Mainframe as a service: Big iron without big headaches
- By Tony Encinias
- Jul 21, 2015
Although it is considered very old technology, mainframe environments are still widely used to manage large-scale batch and transaction processing jobs. Without mainframes, most state governments could not operate their departments of health and human services, tax departments or departments of motor vehicles, or run the numerous other baseline governance activities on which taxpayers depend.
Not only are the mainframe environments old, but the technicians who know how to manage these environments are aging as well. It is estimated that 35 to 40 percent of the workforce trained on mainframes could retire tomorrow.
Most CIOs would probably elect to replace their mainframes with more advanced cloud computing and storage solutions. However, as desirable as that may be, budget constraints won’t allow it. Today, governments have enough funds to run their mainframes, but they often don’t have the funds (or the appetite for new taxes) to replace them. That leaves CIOs with just two real choices:
- Manage the existing mainframe environments with staff available today, which will be an increasingly risky and onerous task, given the dwindling talent and the high-stakes impact of a mainframe failure.
- Consider mainframe as a service (MaaS), sometimes called mainframe cloud, which provides compute and storage capabilities as a cloud service.
Keep in mind that mainframes are not going away. Government institutions will be dependent on them for years to come, even with the advances in cloud computing. But the mainframe talent constraints, combined with cost of replacing mainframes outright, argue for outsourcing mainframe infrastructure and support to able third parties that can absolve agencies of these common and very real concerns.
When mainframe computing is purchased as a service, it is provided through a vendor relationship just like many others. The mainframe vendor provides all the IT infrastructure and support, and the agencies pay for the consumption of the service and for any of their own coding to run their batch processes.
The key benefit of MaaS is that the provider pays for the maintenance and upgrades to IT infrastructure, which can mean dramatic cost- and risk-avoidance for the government CIO. The MaaS consumer pays only for the compute, storage and batch time consumed in normal operations. This MaaS mode frees government workers to focus on their business functions rather than on the IT infrastructure. Best of all, with MaaS, CIOs can ditch the nerve-jangling task of maintaining aging computer equipment.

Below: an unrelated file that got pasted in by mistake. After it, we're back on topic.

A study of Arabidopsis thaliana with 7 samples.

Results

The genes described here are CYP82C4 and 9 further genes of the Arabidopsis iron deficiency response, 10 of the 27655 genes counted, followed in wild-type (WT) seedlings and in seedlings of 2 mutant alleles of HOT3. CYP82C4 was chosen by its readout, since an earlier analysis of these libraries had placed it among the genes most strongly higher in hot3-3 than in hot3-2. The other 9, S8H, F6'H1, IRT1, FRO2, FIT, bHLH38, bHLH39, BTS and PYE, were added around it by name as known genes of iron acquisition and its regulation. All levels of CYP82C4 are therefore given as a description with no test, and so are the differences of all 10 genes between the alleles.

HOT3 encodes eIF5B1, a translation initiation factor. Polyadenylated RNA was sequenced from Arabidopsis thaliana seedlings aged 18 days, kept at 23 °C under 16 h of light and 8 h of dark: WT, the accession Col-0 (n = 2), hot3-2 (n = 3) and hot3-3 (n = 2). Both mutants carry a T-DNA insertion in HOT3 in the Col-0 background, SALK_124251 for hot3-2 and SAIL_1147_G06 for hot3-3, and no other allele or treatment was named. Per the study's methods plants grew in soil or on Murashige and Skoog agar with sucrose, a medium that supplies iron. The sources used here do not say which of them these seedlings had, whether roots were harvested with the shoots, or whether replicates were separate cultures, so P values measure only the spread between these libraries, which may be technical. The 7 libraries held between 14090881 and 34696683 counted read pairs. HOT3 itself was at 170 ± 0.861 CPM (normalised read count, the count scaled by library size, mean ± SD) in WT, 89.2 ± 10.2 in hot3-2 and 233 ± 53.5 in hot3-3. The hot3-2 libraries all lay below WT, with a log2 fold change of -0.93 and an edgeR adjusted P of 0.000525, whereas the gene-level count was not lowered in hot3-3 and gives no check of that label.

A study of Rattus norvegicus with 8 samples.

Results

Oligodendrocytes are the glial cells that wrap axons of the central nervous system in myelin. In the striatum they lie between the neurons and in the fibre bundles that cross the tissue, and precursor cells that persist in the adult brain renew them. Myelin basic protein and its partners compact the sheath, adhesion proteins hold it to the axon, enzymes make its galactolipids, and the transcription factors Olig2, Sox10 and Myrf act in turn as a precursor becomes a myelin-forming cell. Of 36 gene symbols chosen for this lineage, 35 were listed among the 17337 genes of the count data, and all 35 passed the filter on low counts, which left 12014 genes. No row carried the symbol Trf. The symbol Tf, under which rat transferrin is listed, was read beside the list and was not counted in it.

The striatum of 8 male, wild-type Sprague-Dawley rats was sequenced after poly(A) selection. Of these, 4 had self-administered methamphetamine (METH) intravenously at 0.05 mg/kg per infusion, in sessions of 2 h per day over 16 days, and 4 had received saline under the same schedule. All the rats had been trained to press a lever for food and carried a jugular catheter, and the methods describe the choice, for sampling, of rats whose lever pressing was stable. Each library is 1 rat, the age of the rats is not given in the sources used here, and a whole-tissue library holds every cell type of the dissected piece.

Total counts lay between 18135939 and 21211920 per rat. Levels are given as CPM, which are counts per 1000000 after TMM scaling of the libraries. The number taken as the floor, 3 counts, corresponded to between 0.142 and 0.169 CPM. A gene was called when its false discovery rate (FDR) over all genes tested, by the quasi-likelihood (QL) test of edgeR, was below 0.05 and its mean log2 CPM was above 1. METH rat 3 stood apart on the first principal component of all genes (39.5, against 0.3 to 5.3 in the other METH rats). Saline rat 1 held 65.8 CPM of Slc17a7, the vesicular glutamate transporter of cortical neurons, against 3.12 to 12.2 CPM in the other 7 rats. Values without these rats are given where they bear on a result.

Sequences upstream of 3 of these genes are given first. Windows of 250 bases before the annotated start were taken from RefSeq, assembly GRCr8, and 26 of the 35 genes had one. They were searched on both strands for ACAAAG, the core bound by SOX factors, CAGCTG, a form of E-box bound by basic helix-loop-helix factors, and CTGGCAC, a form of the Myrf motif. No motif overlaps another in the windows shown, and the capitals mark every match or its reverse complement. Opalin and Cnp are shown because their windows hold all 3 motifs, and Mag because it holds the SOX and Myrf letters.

A deeper examination of MaaS reveals a longer list of benefits, beyond the issues of capital expense costs of replacement and mainframe maintenance. Here are a few more:
Scale. MaaS allows users to scale up or down according to their changing requirements.
Continuity. MaaS offers assurances of business continuity, because the vendors can offer redundancy that agencies might find cost-prohibitive if they maintain their own mainframes in one location. This means markedly reduced downtime in the event of a mainframe failure, and assurances of full recovery in the event of disaster because data is mirrored at a second site.
Ease of migration. The MaaS vendor is also running mainframes, the same IBM zSeries mainframes that governments are running, so migration is smooth.
Predictable costs. Top-tier MaaS vendors will offer an SLA that gives very accurate predictions of the cost of transportation, installation, de-installation, configuring, initial training, requested level of managed service and preventive maintenance. Users of MaaS simply move to a consumption model for the mainframe services and pay for their services out of operating expenses, rather than out of capital expenses.
Support. Top-tier MaaS vendors offer 24/7/365 support, something agencies might not even be able to afford or access.
No deactivation charges. Top-tier MaaS providers will have no minimum charges and no penalty for deactivation of services, which offers great operational flexibility to CIOs or others managing the mainframe environment.
Would it be to the government’s advantage to replace the mainframes in a long-term cost scenario? It probably would, all things being equal. But things are not equal, and budget constraints often force government to settle for an interim solution that gets the job done.
Think of it this way: When you purchase MaaS, you get the equivalent of a BMW 7-Series car with someone else doing the maintenance – because you are leasing it, not buying it outright. If you had to stick to the car you could actually afford, you’d be behind the wheel of a Ford Focus. So, MaaS allows you to get top performance without having to pay outright for top-tier IT infrastructure.
The rising popularity of MaaS is easy to understand once all its benefits are taken into account. Adopting MaaS is just a matter of a new mindset in terms of how mainframe services are consumed, but clearly, MaaS is becoming a top option for mainframe operators looking for prudent solutions to today’s pressing personnel and budget constraints.
Tony Encinias is ViON’s VP of Public Sector Strategy and the former CIO of the Commonwealth of Pennsylvania.